With climate change comes a variety of ethical issues, especially when it comes to the Sequoia & Kings Canyon National Parks in California. Climate change brings extreme heat to certain areas around the United States, and California’s Sierra Nevada mountain range is not a stranger to the heat: not only are glaciers melting in these areas, but marshy areas and flowered plains are dying out and withering earlier in the summer. Most importantly, the extreme heat will start affecting the Giant Sequoia trees, leaving them withered and dry in about 100 years – unless we do something about it.
But should we? The National Parks Service duty is to the park and it’s well-being, but since humans are causing the global warming and climate change (on some scale), does this give the public and the National Park Service the right to alter the natural beauty of the parks by inserting irrigations systems for the trees in the future? And on top of that, with the water crisis that is starting to plague the western United States, should the National Parks Service take water from citizens of California, Nevada, and Arizona to water trees that will die naturally?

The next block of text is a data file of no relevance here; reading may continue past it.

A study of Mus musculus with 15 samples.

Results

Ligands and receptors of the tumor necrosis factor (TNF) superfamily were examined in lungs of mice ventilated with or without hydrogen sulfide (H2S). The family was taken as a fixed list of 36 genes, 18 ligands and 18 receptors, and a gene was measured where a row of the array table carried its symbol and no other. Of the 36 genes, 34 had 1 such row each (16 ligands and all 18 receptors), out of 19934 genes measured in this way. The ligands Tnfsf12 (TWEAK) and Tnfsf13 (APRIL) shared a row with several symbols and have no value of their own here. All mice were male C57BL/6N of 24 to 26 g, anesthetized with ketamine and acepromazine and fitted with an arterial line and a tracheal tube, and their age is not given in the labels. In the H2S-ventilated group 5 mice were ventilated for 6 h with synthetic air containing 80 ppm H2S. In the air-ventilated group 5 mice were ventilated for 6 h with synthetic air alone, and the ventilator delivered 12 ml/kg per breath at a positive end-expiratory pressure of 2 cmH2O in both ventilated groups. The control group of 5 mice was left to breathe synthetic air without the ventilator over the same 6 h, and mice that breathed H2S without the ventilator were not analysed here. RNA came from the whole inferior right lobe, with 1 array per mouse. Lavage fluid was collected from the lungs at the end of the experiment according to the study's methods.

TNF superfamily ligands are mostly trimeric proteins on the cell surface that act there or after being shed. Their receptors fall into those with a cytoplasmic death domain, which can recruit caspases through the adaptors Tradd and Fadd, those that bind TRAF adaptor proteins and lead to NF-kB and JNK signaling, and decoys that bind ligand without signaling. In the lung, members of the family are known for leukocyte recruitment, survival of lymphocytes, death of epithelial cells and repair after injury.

So we see this ethical dilemma: we are causing global warming, which will kill the trees, but should we let them die or try to save the Sequoia National Forest?
For more information, read this AP story.
2 thoughts on “National Park Spotlight: Sequoia & Kings Canyon”
You bring up an excellent point of debate that many of us think about… preservation vs. conservation, and how that fits in to the mission of the National Park Service. There is no easy answer or solution, especially when we are still struggling with the question (are humans the cause? contributors? or just bystanders?).